Thursday, April 7, 2016

Really Terrific?

Dear Irie,
Your brother got Terrific Kid today. You know, where one (or sometimes two) kids a month are chosen as the kids who did something particularly special that month and the teacher thinks (for whatever reason) they should be recognized for their terrificness. Well, this month that kid was your brother. Last year when he got it, you also got it, so I was a little curious as to how you would react when you heard he got it and you hadn’t. I wasn’t particularly worried, I’m not sure why, oh right, because it’s a stupid thing to worry about it.

I was surprised though when not long after he came into the cafeteria for the little award presentation you also came in. “What are you doing here?” I asked. “I came to see Andrew get his award.” You shrugged as if it should have been completely obvious, and I guess if I had known you were allowed to do that, it would have been. I noticed other siblings were also in the cafeteria supporting each other, but then I also noticed other siblings pouting in the cafeteria because their sibling had received something they hadn't. I watched you through the entire program (okay I alternately watched you and your brother through the entire program) and I noticed you smiling at the other children, clapping when their names were announced and their accolades read and referring to your brother over and over as my terrific kid. I believe you were genuinely happy for the other kids. I don’t think that you not getting the award even crossed your mind.
Our society has become overrun with a sense of entitlement. We think we are to be rewarded for doing what was already expected of us in the first place. I see this in my classroom, when my students can’t understand why they didn’t get a 100 for turning in their work and doing the bare minimum. I always remind them that C is average, A is extraordinary. If you want an A, you need to impress me. The same thing should go for awards.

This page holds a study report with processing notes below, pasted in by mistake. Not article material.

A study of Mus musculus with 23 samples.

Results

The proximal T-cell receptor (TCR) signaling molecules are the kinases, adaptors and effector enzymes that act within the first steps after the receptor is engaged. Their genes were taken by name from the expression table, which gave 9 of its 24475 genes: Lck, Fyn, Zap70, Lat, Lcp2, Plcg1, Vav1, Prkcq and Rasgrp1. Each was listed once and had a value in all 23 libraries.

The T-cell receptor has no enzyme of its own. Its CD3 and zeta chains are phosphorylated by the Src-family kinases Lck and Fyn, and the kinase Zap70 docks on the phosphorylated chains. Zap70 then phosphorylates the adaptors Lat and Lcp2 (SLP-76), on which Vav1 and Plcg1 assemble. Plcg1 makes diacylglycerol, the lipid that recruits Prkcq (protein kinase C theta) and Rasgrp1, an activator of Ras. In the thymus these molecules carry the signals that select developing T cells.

We live in a world where people need constant pats on the back to feel good about themselves. Maybe it comes from everyone getting a trophy for (maybe) showing up to the games. Maybe it comes from parents being afraid to tell their kids no. Maybe it’s just low self esteem caused by some chemical imbalance, I don’t know (I majored in English not … well, basically not anything that would answer that question). What I do know though is that as I watched you with a smile on your face, congratulating the other kids and joking with your brother and his friend, accepting hugs and high fives from another boy, I was every bit as proud of you as I was of your brother. As you sat at the breakfast bar tonight we talked about how maturely you acted. I told you then and I’m saying again, a piece of paper will never make you terrific or special or smart or athletic or whatever else you want to be recognized for. You either are terrific or you’re not, you either are smart or you’re not, you either are athletic or you’re not, a certificate will never change that. What made you terrific today was your attitude: it was your smile and your applause, it was your laughter and your maturity.
We can all behave how we’re expected to to get the recognition we want, but it’s how we behave when we don’t expect an award or recognition that really counts. It’s how we act when we’re down (or maybe should be) that shows our true character. It is what makes us truly terrific, and you my baby girl have got that down to an art.